Australian Institute of Health and Welfare (2021) Dementia in Australia, AIHW, Australian Government, accessed 26 May 2022.
Australian Institute of Health and Welfare. (2021). Dementia in Australia. Retrieved from https://www.aihw.gov.au/reports/dementia/dementia-in-aus
Dementia in Australia. Australian Institute of Health and Welfare, 20 September 2021, https://www.aihw.gov.au/reports/dementia/dementia-in-aus
Australian Institute of Health and Welfare. Dementia in Australia [Internet]. Canberra: Australian Institute of Health and Welfare, 2021 [cited 2022 May. 26]. Available from: https://www.aihw.gov.au/reports/dementia/dementia-in-aus
Australian Institute of Health and Welfare (AIHW) 2021, Dementia in Australia, viewed 26 May 2022, https://www.aihw.gov.au/reports/dementia/dementia-in-aus
In addition to being exposed to outbreaks in aged care homes, older people living with dementia are at a higher risk of contracting COVID-19 and developing severe COVID-19 for a number of reasons, including that people with dementia often have numerous comorbidities and that they may have difficulties understanding and following public health recommendations. This makes people with dementia a particularly vulnerable group during the COVID-19 pandemic.
To measure changes in mortality patterns during the COVID-19 pandemic and recovery period, the ABS has been publishing provisional mortality statistics for Australia. These statistics indicate that:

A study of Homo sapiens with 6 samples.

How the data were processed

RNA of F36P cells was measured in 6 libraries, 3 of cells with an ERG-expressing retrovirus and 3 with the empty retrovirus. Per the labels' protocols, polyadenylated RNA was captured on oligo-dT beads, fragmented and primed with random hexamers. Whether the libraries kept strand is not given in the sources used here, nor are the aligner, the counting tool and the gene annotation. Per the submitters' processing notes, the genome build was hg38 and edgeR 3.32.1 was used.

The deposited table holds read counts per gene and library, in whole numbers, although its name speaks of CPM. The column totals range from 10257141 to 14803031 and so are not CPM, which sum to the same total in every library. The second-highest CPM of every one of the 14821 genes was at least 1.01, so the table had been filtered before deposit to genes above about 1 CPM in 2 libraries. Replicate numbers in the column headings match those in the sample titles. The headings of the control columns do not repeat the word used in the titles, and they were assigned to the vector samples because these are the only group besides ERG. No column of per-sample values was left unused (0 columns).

As discussed in Dying due to dementia compared to dying with dementia, incorporating associated causes of death is essential to comprehensively capture deaths among people with dementia as they often die due to other health conditions. In these cases dementia is only recorded as an associated cause of death. The AIHW report Dementia deaths during the COVID-19 pandemic (AIHW 2021) used ABS provisional mortality data to explore the impact of the pandemic on patterns of deaths among people who had dementia recorded anywhere on their death certificate (either as the underlying cause of death or as an associated cause of death, referred to as ‘deaths with dementia’). This report found that during the first 10 months of 2020:
The statistics presented in the report relate only to the first 10 months of the COVID-19 pandemic. Future work will update our understanding of the impact of COVID-19 on deaths of people with dementia as the pandemic continues, including how this may affect the prevalence and incidence of dementia in Australia in coming years.
ABS 2021. Provisional mortality statistics, Jan–April 2021.
AIHW (Australian Institute of Health and Welfare) 2021. Dementia deaths during the COVID-19 pandemic. Cat. no. DEM 1. Canberra: AIHW.